The Perfect Lover: How Reading a Vampire Book Brought Me Closer to Jesus - A Rose is a Vampire is a Rose


Statistics show you probably already know what I’m talking about when I refer to the Twilight Saga or Edward Cullen or Bella Swan or Stephanie Meyer.

But I can’t assume anything.

So here are some options that will help as we discuss it on Dry Ground…

**NOTE: After this, I will NOT alert you to SPOILER information. Obviously, I will address specific scenes in the books that will give details away to those who haven’t read them or seen the movie(s). I’m just saying, that’s how it’s going to be. J**

#1 – For a quick summary of the entire plot (if you haven’t, don’t have time to or don’t plan to read Twilight) – click here

#2 – To read the author’s story about writing the book, with a few spoilers but not a lengthy plot description – click here

#3 - Perhaps you know a teeny weeny bit about it, that it’s a teenage vampire love story, and that is quite enough for you to want nothing else to do with it.

I can see where you’re coming from.

If that’s you, might I persuade you to hang in there with me for at least a few more days?

Here’s the reason why…

You’ve heard the saying, “A rose by any other name is still a rose”? It means, if you’re looking at a rose and someone else says, “Hey, look, it’s a violet,” it doesn’t change the fact that it’s a rose.

Well, it’s kind of like that, but in reverse.

(Confused? Don’t give up yet…)

I did some research.

The lore of vampires goes back centuries. And yes, most of it is about humans finding an excuse to do something God told us not to do, drink human blood.

Most of us associate vampires with evil because of classical and modern literature and entertainment. From Stokes’ Dracula to Rice’s Lestat to 80s cult-classic Lost Boys, we understand vampire mythology in a somewhat constant set of standards – can’t survive without drinking human blood, are un-dead, sunlight burns their skin, allergic to garlic, sleep in coffins, must be invited in to enter a home, etc.

But who said all vampire mythologies have to have this set of standards?

And who said vampires are anything more than a myth anyway?

Why can’t there be good vampires along with the bad ones?

My argument is (call it a rationalization, if you must) since vampires are indeed fictional figments of imagination, no one can say for sure what does or does not constitute a vampire.

The reason I argue this point at all is so that we can get beyond the term and definition of the word because if I had not conquered that, I would have missed out on an unlikely gift.

I agree that many vampire tales are bent toward highlighting evil. Going with the cultural standards, they are evil, nasty, scary creatures (fictionally speaking, of course). Most stories about vampires I don’t like because, since they adhere to those made-up standards, they don’t promote redemption, they only pander fear.

I have the same feelings for any story, especially ones involving fantasy characters.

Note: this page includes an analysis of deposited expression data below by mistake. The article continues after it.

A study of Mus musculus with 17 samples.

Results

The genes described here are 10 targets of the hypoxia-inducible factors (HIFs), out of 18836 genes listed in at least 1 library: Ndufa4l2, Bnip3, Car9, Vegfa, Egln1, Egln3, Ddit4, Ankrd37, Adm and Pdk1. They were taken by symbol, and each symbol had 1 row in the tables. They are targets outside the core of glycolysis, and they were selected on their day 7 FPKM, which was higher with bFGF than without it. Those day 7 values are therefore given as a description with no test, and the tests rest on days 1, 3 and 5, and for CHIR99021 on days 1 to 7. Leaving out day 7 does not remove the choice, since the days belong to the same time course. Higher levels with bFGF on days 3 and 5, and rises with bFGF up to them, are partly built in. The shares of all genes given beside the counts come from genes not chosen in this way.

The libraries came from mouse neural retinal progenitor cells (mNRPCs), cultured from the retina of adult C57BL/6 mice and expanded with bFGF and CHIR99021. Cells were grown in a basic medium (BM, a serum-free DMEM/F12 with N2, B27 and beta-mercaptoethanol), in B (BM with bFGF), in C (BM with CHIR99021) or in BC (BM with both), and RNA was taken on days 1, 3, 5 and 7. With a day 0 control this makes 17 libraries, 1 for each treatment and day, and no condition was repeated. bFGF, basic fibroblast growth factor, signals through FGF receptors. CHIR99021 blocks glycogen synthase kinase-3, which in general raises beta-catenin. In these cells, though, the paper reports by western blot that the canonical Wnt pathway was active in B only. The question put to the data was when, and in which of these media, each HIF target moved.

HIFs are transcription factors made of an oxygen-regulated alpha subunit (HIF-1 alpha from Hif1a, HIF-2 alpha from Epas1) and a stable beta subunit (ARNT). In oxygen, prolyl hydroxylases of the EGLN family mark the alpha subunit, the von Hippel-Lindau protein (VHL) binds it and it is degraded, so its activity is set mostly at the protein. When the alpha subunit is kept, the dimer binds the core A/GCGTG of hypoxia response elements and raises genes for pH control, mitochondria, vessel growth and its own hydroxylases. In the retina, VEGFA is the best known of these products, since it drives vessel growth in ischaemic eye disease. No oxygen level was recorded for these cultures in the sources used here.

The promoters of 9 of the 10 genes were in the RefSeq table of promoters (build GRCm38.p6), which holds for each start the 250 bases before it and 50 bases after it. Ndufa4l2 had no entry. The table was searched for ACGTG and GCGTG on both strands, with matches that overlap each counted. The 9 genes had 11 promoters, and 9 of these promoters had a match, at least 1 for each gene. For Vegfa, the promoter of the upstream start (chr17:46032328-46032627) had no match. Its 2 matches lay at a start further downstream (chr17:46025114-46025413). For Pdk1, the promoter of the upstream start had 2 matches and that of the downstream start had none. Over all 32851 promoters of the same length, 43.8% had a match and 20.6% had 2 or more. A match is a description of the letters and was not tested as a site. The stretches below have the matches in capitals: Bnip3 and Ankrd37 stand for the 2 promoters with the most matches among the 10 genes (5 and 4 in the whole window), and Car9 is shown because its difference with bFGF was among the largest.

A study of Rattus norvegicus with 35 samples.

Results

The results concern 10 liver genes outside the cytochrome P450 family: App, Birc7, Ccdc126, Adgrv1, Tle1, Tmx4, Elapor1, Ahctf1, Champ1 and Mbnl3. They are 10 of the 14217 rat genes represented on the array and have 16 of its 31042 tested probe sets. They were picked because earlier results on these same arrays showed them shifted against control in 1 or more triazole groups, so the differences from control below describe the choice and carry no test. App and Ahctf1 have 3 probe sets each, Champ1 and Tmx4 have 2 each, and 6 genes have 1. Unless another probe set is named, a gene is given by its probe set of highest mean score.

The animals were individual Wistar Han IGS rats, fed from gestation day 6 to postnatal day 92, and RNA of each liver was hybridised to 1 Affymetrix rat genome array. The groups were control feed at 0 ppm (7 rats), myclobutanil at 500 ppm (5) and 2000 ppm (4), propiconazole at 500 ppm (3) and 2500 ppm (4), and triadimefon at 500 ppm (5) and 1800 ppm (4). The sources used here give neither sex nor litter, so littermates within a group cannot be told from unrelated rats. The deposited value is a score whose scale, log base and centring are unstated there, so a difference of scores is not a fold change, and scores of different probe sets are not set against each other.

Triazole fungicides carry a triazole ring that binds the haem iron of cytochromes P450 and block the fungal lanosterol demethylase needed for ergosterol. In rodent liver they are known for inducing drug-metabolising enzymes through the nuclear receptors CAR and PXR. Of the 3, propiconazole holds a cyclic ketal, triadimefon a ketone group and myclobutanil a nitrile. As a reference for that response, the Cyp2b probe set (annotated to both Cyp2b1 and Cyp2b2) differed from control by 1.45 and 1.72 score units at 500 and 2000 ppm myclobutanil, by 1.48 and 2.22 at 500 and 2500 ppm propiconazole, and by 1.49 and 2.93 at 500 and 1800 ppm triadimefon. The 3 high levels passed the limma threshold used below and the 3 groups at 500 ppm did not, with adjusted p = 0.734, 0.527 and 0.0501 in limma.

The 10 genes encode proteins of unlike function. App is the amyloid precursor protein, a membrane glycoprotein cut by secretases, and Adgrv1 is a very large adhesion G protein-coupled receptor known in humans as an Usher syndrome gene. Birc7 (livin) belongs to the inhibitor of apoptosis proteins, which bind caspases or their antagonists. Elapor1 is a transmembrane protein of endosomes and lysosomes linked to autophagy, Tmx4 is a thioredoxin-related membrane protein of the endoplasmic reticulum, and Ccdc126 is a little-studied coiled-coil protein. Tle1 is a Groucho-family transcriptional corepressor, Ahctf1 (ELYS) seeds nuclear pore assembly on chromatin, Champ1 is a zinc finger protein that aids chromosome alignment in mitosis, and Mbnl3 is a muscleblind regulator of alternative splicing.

Watching/reading The Wizard of Oz, for example, with its good and bad witches, talking tin man and flying monkeys sets fine with my spirit even though it involves magical elements. The Lord of the Rings and The Chronicles of Narnia are also full of magic and make-believe, but are embraced because they point to redemptive pursuits.

I submit that the Twilight Saga also points to these same higher pursuits… even though the main character, the Hero, is dubbed a vampire.

The author of Twilight, Stephanie Meyer, stepped out on a limb to throw out most of modern-day understandings of vampire lore, and I admire her for asking the “what if” questions, creating her own world, and producing a love story that reflects (whether she meant it to or not) the love God has for us.

Besides, it’s entirely significant that we are talking about a world where vampires exist specifically because of the involvement of blood. In the right context, blood is life, not death. It is salvation, not condemnation. Seeing it symbolically instead of literally takes us out of the “God said not to drink human blood” realm and puts us in the “Jesus’ blood atones for my sins” reality.

I’m not saying Twilight is or was meant to be an analogy for the Gospel. I say a little more about that on Friday. But the story as a whole is laden with spiritual concepts that I couldn’t help but garner as I read and fell in love with it. Taking those concepts and pointing in the right direction, I gained so much, even a closer walk with Jesus.

I hope you’ll stay tuned.

(click for next chapter: The Fine Print)

3 comments:

lynnrush said...

OH yeah. I'll stay tuned. Great post. I love your insight into things, Lori.

Are you counting the days down until New Moon? Holy Moly, I sure am.

KM Wilsher said...

This is brilliant. I didn’t expect anything less. Thank you for writing this and sharing this. I am ¾ the way into NEW MOON. I already see some things that echo the trinity and his love. I can’t wait to read your exploration. Again, this is brilliant!
I think the female masses need this study!

Lori Lundquist said...

Thank you, Lynn and KM, for your encouragement and support! Love you gals!